Speaking on BBC radio, Javid said a court hearing on the U.S. extradition request will take place on Friday. “Yesterday I signed the extradition order, certified it, and that will be going in front of the courts,” he said.
The document that Javid has signed is simply to confirm that the U.S. has made a valid request, and “it doesn’t prejudge what’s going to happen” to Assange, which will be for the courts to decide, said Thomas Garner, an extradition lawyer in London who isn’t involved with the case. “It’s a formality,” because without Javid’s certification the case “can’t go before the court,” he said.
Assange was arrested when he was removed from Ecuadorian embassy in London in April, after taking refuge there in 2012. Javid said in the radio interview that he was “very pleased that the police were finally able to apprehend him.” Assange is serving a 50-week sentence in the U.K.’s Belmarsh jail for skipping bail.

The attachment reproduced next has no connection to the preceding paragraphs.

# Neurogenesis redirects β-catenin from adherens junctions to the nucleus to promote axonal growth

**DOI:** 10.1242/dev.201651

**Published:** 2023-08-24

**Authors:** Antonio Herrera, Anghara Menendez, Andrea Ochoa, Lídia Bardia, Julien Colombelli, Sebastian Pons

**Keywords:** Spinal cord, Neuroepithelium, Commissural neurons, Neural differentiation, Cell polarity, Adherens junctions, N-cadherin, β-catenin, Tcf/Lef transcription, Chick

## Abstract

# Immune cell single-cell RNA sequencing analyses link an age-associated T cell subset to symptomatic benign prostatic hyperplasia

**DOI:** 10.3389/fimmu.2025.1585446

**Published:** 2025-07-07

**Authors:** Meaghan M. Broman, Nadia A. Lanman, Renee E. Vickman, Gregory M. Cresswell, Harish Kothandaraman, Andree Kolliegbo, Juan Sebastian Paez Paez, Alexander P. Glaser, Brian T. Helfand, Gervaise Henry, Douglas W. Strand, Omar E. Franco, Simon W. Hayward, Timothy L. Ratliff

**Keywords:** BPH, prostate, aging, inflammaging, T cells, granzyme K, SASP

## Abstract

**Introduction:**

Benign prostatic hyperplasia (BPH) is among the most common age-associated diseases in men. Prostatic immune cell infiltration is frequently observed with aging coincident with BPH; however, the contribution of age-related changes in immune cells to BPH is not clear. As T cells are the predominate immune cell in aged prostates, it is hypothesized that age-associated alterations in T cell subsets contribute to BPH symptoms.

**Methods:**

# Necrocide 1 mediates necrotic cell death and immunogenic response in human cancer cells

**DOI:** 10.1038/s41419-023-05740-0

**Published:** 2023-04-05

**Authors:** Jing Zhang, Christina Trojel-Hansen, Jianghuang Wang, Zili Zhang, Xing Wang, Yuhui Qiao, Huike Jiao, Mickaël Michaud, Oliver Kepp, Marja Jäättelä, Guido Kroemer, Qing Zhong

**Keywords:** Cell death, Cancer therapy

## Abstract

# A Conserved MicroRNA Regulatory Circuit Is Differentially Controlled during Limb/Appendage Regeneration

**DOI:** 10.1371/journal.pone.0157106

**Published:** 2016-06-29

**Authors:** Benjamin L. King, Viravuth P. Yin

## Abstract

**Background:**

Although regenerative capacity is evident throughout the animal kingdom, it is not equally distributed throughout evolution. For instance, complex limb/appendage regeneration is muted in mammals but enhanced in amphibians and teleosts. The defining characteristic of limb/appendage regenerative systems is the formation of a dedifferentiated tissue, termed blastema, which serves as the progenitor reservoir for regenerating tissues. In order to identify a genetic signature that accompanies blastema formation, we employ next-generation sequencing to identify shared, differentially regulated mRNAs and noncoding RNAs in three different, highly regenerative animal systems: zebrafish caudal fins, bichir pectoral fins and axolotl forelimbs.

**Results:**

The U.S. has charged Assange with 18 counts related to endangering national security by conspiring to obtain and disclose classified information. He’s accused of working with former U.S. Army intelligence officer Chelsea Manning to get classified documents from databases containing about 90,000 Afghanistan war-related activity reports, 400,000 Iraq war-related reports and 250,000 State Department cables.
Assange failed to appear at a London court hearing in May for the latest stage in his extradition battle, where his lawyer Gareth Peirce said he was unwell.
Swedish prosecutors have separately reopened an investigation into rape allegations against Assange, which he denies. Javid’s decision to sign the U.S. request wouldn’t prevent Sweden from making a separate request to extradite him there, Garner said.